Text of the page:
Anything that shifts risk away from a small business appeals to the business owner, and three employment practices seem to do just that:
- on-call employment,
- flexible shift changes and
- part-time employment.
But these practices shift economic risk toward employees who are also consumers, so are these moves a good idea or not?
Tomatoes and sweet corn are rolling in, so the mind turns naturally to agriculture. An employer who relies heavily on these staffing approaches is like the farmer who produces a bumper crop by relying heavily on pesticides and herbicides. In employment law as in environmental law, there are limits on what may be done, but even operating within the limits of the law may be too much in the long term. The farmer may risk poisoning the environment, the ultimate source of wealth. The small business person may risk poisoning the market.
Shifting economic risk toward employees through on-call employment, short notice changes in work hours and part-time staffing, unless used sparingly, is bad long term policy for business and workers.
The Fair Labor Standards Act Sets a Baseline
The minimum requirements for wages and hours are set by the FLSA. Many salaried and administrative employees (termed “exempt) are not covered by these protections. However, for non-exempt employees, the general rule is that if the employee is required to be at the employer’s location, he or she is entitled to at least minimum wage for those hours, even if no work gets done because of an equipment failure, for example.
Things become more complicated when the employee is not required to be on location, but is asked to stand by, or to be on-call. Then what matters is how restricted the employee’s free time is. If all the employee has to do is keep her phone on, she probably needn’t be paid. If the employee cannot go further than the coffee shop adjacent to the employer’s place of business, then she might be entitled to wages. If she can go anywhere or do anything, but actually ends up spending a lot of time on the phone answering her employer’s work questions, she should be paid.
States and localities may set higher standards. The California Division of Labor Standards Enforcement, for example, looks at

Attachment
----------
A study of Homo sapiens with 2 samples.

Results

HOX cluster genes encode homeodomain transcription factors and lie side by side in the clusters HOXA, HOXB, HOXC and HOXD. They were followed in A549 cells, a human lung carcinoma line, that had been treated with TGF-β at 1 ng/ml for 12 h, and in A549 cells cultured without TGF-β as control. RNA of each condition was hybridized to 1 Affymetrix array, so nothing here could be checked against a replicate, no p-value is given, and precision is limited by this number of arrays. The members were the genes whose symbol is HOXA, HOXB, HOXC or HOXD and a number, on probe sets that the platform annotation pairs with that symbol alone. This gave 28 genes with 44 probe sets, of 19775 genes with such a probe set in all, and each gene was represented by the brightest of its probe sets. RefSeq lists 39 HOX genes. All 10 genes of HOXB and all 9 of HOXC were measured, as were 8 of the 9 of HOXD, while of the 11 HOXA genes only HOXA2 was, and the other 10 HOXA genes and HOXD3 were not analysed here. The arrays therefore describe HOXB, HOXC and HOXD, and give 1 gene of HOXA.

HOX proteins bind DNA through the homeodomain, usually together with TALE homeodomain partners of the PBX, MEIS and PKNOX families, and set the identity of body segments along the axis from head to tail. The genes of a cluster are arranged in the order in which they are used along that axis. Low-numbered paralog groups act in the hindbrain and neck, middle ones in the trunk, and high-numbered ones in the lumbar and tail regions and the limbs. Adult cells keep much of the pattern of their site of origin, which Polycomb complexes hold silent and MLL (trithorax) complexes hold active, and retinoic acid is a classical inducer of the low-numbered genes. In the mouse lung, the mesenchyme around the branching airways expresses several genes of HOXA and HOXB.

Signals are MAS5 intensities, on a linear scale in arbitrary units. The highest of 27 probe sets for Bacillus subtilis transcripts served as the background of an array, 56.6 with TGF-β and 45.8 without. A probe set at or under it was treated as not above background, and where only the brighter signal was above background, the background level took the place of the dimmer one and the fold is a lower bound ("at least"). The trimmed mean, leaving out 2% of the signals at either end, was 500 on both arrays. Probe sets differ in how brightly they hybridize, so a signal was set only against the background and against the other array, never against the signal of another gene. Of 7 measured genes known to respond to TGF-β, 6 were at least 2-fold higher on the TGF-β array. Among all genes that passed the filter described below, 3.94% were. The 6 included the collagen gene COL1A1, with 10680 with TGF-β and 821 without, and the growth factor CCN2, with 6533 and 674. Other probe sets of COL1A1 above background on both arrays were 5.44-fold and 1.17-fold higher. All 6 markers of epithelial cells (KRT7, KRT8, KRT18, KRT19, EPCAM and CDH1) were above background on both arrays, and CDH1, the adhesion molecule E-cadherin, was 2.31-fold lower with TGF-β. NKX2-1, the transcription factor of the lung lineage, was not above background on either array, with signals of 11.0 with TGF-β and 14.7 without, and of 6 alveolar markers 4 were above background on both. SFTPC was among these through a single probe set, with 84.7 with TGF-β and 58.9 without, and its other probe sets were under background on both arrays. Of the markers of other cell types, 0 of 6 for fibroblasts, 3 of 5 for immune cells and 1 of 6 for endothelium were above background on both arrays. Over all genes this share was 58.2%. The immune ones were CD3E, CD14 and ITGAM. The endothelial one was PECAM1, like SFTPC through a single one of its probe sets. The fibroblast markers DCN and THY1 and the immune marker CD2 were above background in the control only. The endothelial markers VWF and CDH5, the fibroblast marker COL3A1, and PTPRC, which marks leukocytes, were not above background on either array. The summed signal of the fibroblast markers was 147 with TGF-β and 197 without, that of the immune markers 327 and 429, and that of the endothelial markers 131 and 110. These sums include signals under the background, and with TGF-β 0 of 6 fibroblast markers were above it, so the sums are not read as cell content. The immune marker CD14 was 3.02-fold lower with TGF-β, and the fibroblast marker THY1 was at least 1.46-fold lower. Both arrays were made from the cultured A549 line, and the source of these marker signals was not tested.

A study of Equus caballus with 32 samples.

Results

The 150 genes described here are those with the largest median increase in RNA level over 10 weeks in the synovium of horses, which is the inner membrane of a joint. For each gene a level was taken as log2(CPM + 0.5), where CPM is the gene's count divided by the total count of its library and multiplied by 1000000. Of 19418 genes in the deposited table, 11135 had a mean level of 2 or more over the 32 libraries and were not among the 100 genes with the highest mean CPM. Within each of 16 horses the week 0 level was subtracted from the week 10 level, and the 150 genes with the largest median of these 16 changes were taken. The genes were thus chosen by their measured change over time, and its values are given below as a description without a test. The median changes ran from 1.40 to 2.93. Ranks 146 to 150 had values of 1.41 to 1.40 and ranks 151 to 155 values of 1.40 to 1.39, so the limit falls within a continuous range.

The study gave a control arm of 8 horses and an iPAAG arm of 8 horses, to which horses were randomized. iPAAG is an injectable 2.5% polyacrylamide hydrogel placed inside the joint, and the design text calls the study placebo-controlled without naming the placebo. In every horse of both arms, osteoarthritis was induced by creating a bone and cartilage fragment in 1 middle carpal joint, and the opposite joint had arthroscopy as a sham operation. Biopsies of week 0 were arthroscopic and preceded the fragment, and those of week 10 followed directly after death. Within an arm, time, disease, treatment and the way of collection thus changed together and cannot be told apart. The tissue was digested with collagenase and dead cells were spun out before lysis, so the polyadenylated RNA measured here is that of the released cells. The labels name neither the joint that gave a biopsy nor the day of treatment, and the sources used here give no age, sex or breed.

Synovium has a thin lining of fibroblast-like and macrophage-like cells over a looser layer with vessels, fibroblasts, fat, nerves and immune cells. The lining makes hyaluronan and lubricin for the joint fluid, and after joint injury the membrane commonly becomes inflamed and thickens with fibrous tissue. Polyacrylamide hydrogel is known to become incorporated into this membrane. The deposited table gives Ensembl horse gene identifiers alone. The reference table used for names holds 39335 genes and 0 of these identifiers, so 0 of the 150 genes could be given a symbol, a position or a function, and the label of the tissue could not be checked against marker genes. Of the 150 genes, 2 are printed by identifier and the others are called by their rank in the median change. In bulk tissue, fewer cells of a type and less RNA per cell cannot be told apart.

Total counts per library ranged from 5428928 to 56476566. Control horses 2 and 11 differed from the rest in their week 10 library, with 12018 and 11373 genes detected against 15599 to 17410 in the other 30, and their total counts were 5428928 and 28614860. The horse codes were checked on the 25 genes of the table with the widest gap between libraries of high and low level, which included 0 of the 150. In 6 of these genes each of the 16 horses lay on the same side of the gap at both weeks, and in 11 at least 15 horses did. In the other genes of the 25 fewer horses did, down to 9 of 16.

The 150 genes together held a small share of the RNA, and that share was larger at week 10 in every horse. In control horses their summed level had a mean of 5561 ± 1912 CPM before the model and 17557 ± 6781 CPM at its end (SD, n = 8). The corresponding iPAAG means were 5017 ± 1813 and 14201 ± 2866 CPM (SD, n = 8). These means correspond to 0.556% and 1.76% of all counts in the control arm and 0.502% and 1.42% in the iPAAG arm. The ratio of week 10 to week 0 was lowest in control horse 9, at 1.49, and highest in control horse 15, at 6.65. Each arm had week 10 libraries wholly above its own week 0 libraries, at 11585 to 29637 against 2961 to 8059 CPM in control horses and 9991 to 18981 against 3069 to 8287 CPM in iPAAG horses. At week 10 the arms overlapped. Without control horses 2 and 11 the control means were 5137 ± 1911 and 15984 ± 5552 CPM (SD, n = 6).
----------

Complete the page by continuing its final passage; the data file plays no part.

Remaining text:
- geographical restrictions on the employees’ movements,
- required response time,
- the nature of the employment, and
- the extent the employer’s policy impacts personal activities during on call time.
States also have rules that apply to particular professions. In New York, nurses must be compensated for pre-scheduled on-call time.
The FLSA, however, does not specifically address the practice of giving employees short notice shift changes or part-time employment.
Schedules that Work Act
Sudden shift changes or cancellations cause huge headaches for workers in retail, restaurant and janitorial jobs who may juggle child care, school, commuting and other responsibilities and jobs. Recognizing the burden this practice places on low wage workers, Representatives George Miller and Rosa L DeLauro have introduced the Schedules that Work Act.
The Act would give workers the right to request predictable schedules, a minimum number of hours of pay per shift, pay for waiting time during split shifts, and advance notice of the number of hours per week. It’s a matter of predictability, and realistically, it has no chance of passing in Congress.
Vermont and San Francisco, however, have passed similar measures, and New York City may consider one soon. Two million federal workers are covered by the provisions of an Executive Order giving them the “right to request.” As with the minimum wage, states, cities and individual employers have moved to protect vulnerable workers.
Part-Time Work is the Elephant in the Room
The Wall Street Journal reports that small businesses added 15,000 jobs in July, bringing the number of new jobs added over the last six months to more than 90,000. However, pay and hours declined slightly. In fact, the average number of hours worked in July was less than 25. These are part-time jobs.
People who want to work full time, but can only get part-time jobs or who string together several part-time jobs are probably not doing well financially. No one would argue that it makes sense for businesses to staff beyond their needs, but the practice of hiring more part-time or temporary workers when existing workers want more hours raises serious questions.
Is the short term goal of avoiding benefit payments worth the long term harm to consumers’ ability to participate in the economy? This is not just an issue for Wal-Mart or fast food workers. It cuts across the economic spectrum; it just does more harm at the lower wage end.
Entrepreneurs are not new to the business of balancing long term and short term risk and reward. The long term risk to the economy of on-call employment, short notice shift changes and the widespread use of part-timers may outweigh the short term reward of business flexibility.